It’s not just a good idea, it’s the law!

On November 26, 2014, President Barack Obama signed into law Public Law No: 113-187, the Presidential and Federal Records Act Amendments of 2014. This new law modernizes records management by focusing more directly on electronic records, and complements efforts by the National Archives to implement the President’s 2011 Memorandum on Managing Government Records.

HR 1233 signature page

Key points of this law include:

  • Strengthening the Federal Records Act by expanding the definition of Federal records to clearly include electronic records. This is the first change to the definition of a Federal record since the enactment of the act in 1950.
  • Confirming that Federal electronic records will be transferred to the National Archives in electronic form.
  • Granting the Archivist of the United States final determination as to what constitutes a Federal record.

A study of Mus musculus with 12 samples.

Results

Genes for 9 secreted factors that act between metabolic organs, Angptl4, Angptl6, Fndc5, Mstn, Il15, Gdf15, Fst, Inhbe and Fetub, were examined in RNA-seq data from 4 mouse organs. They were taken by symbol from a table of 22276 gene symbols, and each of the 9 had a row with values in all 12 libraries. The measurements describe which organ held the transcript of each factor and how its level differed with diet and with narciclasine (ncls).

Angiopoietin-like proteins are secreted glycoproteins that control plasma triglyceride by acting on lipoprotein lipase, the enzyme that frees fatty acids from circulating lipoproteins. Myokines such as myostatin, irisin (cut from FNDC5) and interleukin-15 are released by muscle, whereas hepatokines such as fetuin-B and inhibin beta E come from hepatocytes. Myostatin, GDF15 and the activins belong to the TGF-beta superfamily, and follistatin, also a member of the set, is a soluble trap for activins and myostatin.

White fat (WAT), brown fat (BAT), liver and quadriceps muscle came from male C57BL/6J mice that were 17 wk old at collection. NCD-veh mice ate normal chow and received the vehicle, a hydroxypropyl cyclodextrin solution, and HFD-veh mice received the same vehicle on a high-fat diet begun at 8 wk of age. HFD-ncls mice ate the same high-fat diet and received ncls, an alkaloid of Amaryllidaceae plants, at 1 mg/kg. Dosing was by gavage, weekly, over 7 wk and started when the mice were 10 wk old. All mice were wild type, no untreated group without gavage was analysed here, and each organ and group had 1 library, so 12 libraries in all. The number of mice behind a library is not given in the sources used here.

• Authorizing the early transfer of permanent electronic Federal and Presidential records to the National Archives, while legal custody remains with the agency or the President.
  • Clarifying the responsibilities of Federal government officials when using non-government email systems.
  • Empowering the National Archives to safeguard original and classified records from unauthorized removal.
  • Codifying procedures by which former and incumbent Presidents review Presidential records for constitutional privileges.

We welcome this bipartisan effort to update the nation’s records laws for the 21st Century. H.R. 1233 could not have become law without the efforts of House Oversight and Government Reform Committee Ranking Member Elijah Cummings (D-MD) and Chairman Issa (R-CA), and Senate Homeland Security and Governmental Affairs Committee Chairman Carper (D-DE) and Ranking Member Coburn (R-OK), in shining a spotlight on the challenges that so many Federal agencies and presidential administrations have faced in managing their electronic records.

More information about this legislation, as well as records management policies and guidance, can be found on the Records Express blog, the official blog of the Office of the Chief Records Officer at the National Archives.